ON THE SEASON OF ADVENT.
From the first institution of the great Festivals of the Church each of
them occupied a central position in a series of days; partly for the sake
of Christian discipline. Thus Christmas is preceded by the Sundays
and Season of Advent, and following by twelve days of continued Christian
joy which end with Epiphany.
Under its present name the season of Advent is not to be traced further
back than the seventh century; but Collects, Epistles, and Gospels for
five Sundays before the Nativity of our Lord, and for the Wednesdays and
Fridays also, are to be found in the ancient Sacramentaries, and in the
Comes of St. Jerome. These offer good evidence that the observance
of the season was introduced into the Church at the same time with the
observance of Christmas: yet there is not, properly speaking, any season
of Advent in the Eastern Church, which has always carefully preserved ancient
customs intact; though it observes a Lent before Christmas as well as before
Durandus (a laborious and painstaking writer, always to be respected,
though not to be implicitly relied upon) writes that St. Peter instituted
three whole weeks to be observed as a special season before Christmas,
and so much of the fourth as extended to the Vigil of Christmas, which
is not part of Advent. [Durand. vi. 2] This was probably a
very ancient opinion, but the earliest extant historical evidence respecting
Advent is that mentioned above, as contained in the Lectionary of St. Jerome.
Next come two homilies of Maximus, Bishop of Turin, A.D. 450, which are
headed De Adventu Domini. In the following century are two other
Sermons of Caesarius, Bishop of Arles [501-542] (formerly attributed to
St. Augustine, and printed among his works), and in these there are full
details respecting the season and its observance. In the latter part
of the same century St. Gregory of Tours writes that Perpetuus, one of
his predecessors, had ordered the observance of three days as fasts in
every week, from the Feast of St. Martin to that of Christmas; and this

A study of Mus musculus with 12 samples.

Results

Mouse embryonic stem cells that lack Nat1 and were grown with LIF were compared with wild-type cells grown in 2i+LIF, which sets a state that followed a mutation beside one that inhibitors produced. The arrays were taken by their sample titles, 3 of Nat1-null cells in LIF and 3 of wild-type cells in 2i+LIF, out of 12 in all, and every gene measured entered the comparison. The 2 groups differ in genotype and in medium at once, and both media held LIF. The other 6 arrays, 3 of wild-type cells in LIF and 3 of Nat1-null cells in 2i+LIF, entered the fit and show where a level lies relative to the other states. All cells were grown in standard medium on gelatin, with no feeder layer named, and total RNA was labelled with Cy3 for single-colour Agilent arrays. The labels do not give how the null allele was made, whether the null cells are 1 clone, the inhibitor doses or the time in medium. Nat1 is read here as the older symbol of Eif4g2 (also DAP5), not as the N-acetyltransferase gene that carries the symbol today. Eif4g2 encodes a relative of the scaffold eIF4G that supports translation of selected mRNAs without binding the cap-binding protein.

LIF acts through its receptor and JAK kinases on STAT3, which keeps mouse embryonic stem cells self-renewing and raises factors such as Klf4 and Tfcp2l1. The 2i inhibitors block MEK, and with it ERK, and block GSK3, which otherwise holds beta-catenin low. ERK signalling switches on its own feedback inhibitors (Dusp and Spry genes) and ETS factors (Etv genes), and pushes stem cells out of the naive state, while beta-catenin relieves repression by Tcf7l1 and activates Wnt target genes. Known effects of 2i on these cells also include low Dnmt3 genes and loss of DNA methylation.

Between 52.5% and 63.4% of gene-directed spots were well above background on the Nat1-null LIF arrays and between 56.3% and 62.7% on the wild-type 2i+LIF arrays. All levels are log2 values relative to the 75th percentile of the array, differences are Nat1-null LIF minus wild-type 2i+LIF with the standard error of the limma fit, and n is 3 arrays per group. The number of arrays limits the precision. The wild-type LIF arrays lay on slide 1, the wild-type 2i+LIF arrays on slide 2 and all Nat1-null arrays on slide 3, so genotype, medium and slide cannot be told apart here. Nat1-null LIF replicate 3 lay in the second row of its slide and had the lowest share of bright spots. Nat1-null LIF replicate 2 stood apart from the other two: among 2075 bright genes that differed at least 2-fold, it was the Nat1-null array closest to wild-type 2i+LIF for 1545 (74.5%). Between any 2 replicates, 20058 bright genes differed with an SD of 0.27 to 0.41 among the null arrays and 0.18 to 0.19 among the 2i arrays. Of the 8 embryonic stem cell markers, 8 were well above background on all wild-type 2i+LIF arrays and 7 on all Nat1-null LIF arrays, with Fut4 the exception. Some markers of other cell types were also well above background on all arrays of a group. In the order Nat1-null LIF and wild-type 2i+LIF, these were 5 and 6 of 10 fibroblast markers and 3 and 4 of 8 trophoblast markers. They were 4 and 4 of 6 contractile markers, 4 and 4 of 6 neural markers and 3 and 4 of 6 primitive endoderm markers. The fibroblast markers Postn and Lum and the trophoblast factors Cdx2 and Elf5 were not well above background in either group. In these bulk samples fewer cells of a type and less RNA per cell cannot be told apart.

direction was enforced on the Clergy of France by the Council of Macon,
held A.D. 581. In the Ambrosian and Mozarabic liturgies Advent Season
commences at the same time: and it has also been sometimes known by the
name Quadragesima Sancti Martini: from which it seems probable that
the Western Churches of Europe originally kept six Advent Sundays, as the
Eastern still keeps a forty days’ fast, beginning on the same day.
But the English Church, since the Conquest, at least, has observed four
only, although the title of the Sunday preceding the first seems to offer
an indication of a fifth in more ancient days.
The rule by which Advent is determined defines the first Sunday as that
which comes nearest, whether before or after, to St. Andrew’s Day; which
is equivalent to saying that it is the first Sunday after November 26th.
December 3rd is consequently the latest day on which it can occur.
In the Latin and English Churches the Christian year commences with
the First Sunday in Advent. Such, at least, has been the arrangement
of the Collects, Epistles, and Gospels for many centuries, although the
ancient Sacramentaries began the year with Christmas Day, and although
the Prayer Book (until the change of style in 1752) contained an express
“Note, that the Supputation of the year of our Lord in the Church of England
beginneth the Five and Twentieth day of March.” By either reckoning
it is intended to number the times and seasons of the Church by the Incarnation:
and while the computation from the Annunciation is more correct from a
theological and a chronological point of view, that from Advent and Christmas
fits in far better with the vivid system of the Church by which she represents
to us the life of our Lord year by year. Beginning the year with
the Annunciation, we should be reminded by the new birth of Nature of the
regeneration of Human Nature: beginning it with Advent and Christmas, we
have a more keen reminder of that humiliation of God the Son, by which
the new birth of the world was accomplished. And as we number our
years, not by the age of the world, nor by the time during which any earthly
sovereignty has lasted, but by the age of the Christian Church and the
time during which the Kingdom of Christ has been established upon earth,
calling each “the Year of our Lord,” or “the Year of Grace:” so we begin
every year with the season when grace first came by our Lord and King,
through His Advent in the humility of His Incarnation.
In very ancient times the season of Advent was observed as one of special
prayer and discipline. As already stated, the Council of Macon in
its ninth Canon directs the general observance by the Clergy of the Monday,
Wednesday, and Friday fast-days, of which traces are found at an earlier
period: and the Capitulars of Charlemagne also speak of a forty days’ fast
before Christmas. The strict Lenten observance of the season was
not, however, general. Amalarius, writing in the ninth century, speaks
of it as being kept in that way only by the religious, that is, by those
who had adopted an ascetic life in monasteries, or elsewhere: and the principle
generally carried out appears to have been that of multiplying solemn services,
and of adopting a greater reserve in the use of lawful indulgences.
Such an observance of the season still commends itself to us as one that
will form a fitting prefix to the joyous time of Christmas: and one that
will also be consistent with that contemplation of our Lord’s Second Advent
which it is impossible to dissociate from thoughts of His First.
In the system of the Church the Advent Season is to the Christmas Season
what St. John the Baptist was to the First, and the Christian ministry
is to the Second, Coming of our Lord.